The short-staffed Illinois State Police crime lab is grappling with a backlog of thousands of pending tests on biological evidence collected in rapes, murders and other crimes, the Chicago Sun-Times has learned.
At the end of February, nearly 3,100 cases were either untested or in the process of being tested more than 30 days after law-enforcement agencies submitted them to the lab, records show. That’s up from about 2,600 cases in mid-2015 and fewer than 130 in 2009.
The growing backlog includes tests on clothing and other items to determine whether samples of semen, blood and other evidence can be recovered.
It also includes tests on biological samples to create DNA profiles of unknown offenders. Those profiles are then compared with a DNA database of known criminals.
Attorney General Lisa Madigan finds the backlog worrisome, said a spokeswoman, Maura Possley.
“We have strongly supported increased funding for ISP and continue to do that,” Possley said of the undermanned state crime lab.
Over the past decade, the state police have whittled down the backlog.
But in 2011, a new state law required law-enforcement agencies to send thousands of untested rape kits to the state crime lab.
In south suburban Robbins alone, 55 untested rape kits were discovered when the Cook County sheriff’s office inspected that police department’s evidence room. All those kits, some dating to the 1980s, were submitted for testing. Five suspects have been charged in the sheriff’s ongoing investigation.
Since 2011, the testing backlog has mushroomed as a result of the additional rape kits submitted to the lab.
Meanwhile, the DNA section of the lab is seriously understaffed, officials say. The agency released a report last summer saying 10 additional scientists were needed to handle DNA testing.
Master Sgt. Matthew Boerwinkle, an Illinois State Police spokesman, said the lab still needs those 10 scientists, five of whom would fill vacancies due to attrition.
State police officials have estimated they would need $1 million in first-year funding to hire those scientists. But during the state’s budget impasse, the funding hasn’t been made available.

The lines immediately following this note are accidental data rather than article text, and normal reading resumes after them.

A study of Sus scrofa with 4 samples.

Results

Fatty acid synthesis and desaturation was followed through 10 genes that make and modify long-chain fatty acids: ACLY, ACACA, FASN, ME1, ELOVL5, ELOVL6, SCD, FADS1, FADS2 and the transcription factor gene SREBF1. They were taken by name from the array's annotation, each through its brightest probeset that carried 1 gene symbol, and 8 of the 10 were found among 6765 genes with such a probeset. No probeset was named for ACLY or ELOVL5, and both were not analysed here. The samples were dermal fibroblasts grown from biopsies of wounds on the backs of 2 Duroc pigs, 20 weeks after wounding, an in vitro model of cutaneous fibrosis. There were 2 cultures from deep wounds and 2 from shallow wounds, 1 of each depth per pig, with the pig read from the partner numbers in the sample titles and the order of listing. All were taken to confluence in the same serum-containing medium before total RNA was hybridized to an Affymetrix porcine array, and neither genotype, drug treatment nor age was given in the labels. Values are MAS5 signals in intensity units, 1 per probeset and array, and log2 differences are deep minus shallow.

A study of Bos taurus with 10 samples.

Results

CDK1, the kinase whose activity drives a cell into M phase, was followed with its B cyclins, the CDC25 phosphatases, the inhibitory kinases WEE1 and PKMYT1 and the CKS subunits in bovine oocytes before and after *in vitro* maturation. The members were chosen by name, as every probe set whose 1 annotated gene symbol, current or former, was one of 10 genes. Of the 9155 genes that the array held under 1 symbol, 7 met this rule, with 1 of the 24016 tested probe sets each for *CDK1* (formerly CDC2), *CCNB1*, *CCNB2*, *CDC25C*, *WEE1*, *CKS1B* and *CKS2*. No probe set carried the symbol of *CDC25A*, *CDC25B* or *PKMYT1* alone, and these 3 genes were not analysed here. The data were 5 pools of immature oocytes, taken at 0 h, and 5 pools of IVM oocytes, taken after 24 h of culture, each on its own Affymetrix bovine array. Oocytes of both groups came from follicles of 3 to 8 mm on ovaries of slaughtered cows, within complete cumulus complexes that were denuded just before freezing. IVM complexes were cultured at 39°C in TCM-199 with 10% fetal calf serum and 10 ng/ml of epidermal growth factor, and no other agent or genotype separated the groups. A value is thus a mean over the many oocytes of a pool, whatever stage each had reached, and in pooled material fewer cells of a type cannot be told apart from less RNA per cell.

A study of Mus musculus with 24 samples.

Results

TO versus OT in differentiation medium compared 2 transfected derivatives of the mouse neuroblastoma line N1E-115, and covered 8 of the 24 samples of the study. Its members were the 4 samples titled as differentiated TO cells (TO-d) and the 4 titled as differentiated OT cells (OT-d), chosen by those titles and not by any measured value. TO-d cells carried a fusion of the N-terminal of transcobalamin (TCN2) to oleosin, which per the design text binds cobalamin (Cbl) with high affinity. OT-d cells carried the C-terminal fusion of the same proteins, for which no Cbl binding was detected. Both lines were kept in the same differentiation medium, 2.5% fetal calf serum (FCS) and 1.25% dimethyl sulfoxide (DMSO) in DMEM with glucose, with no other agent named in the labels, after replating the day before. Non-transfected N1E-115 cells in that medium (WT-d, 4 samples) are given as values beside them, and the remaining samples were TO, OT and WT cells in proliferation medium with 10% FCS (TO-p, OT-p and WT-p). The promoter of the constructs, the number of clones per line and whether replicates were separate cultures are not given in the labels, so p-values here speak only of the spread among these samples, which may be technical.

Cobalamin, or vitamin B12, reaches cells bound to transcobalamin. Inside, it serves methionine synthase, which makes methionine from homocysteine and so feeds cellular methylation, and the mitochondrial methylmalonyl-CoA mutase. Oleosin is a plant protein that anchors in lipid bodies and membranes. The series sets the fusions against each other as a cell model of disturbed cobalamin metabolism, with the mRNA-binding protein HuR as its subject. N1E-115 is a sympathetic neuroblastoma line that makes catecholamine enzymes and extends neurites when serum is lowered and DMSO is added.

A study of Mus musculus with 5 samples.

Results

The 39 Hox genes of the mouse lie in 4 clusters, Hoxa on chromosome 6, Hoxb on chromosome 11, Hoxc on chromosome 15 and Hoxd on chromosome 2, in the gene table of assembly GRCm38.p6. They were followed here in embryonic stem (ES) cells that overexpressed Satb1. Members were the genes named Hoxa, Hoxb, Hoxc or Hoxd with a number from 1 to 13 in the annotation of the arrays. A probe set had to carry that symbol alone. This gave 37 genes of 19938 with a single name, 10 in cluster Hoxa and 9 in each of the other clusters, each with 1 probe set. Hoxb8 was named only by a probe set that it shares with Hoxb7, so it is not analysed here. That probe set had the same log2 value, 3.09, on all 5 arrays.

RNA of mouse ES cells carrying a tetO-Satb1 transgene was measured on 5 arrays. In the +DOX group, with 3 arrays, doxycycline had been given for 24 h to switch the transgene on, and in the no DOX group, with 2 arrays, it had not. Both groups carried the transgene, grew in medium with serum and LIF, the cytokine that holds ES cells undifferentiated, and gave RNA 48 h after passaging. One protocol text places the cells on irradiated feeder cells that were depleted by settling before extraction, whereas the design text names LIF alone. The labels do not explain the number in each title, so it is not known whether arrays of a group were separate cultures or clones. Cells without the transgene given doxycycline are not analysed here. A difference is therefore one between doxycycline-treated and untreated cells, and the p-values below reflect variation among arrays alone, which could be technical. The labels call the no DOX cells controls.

The state police have turned to overtime and outsourcing to chip away at the backlog.
In recent years, police and prosecutors have complained about long delays in getting lab results back from the State Police crime lab, especially in cases that don’t have a “rush” designation.
In 2014, for instance, Cook County State’s Attorney Anita Alvarez said the backlog was responsible for a nearly one-year delay in processing key DNA evidence that led to charges against a Chicago Police commander, who was accused of putting a gun in a suspect’s mouth. The commander, Glenn Evans, was later acquitted by a judge, who said she doubted the credibility of the alleged victim.
Last spring, Alvarez and Madigan announced they had formed a statewide task force to improve evidence collection, investigations and prosecutions of sexual assault. One of the goals is to eliminate the DNA backlog.
The task force, which is also led by the St. Clair County state’s attorney and the Illinois Coalition Against Sexual Assault, supports the Illinois State Police in seeking state funding for the crime lab “as well as working with them to find grant funding moving forward,” said Sally Daly, a spokeswoman for Alvarez.
The group is also organizing “full-scale sex crimes training for all prosecutors in the state” and coming up with legislation to improve police response, investigations and training in sexual assault cases, Daly said.
Madigan hopes the task force’s efforts will “help encourage more survivors to come forward to report their crimes and help prosecutors to secure justice for survivors in a greater number of cases,” said her spokeswoman, Possley.
Possley pointed to a 2012 estimate by researchers Kimberly Lonsway and Joanne Archambault that less than 20 percent of sexual assaults are reported nationally, less than 5 percent are prosecuted, and less than 3 percent result in prison for the attacker.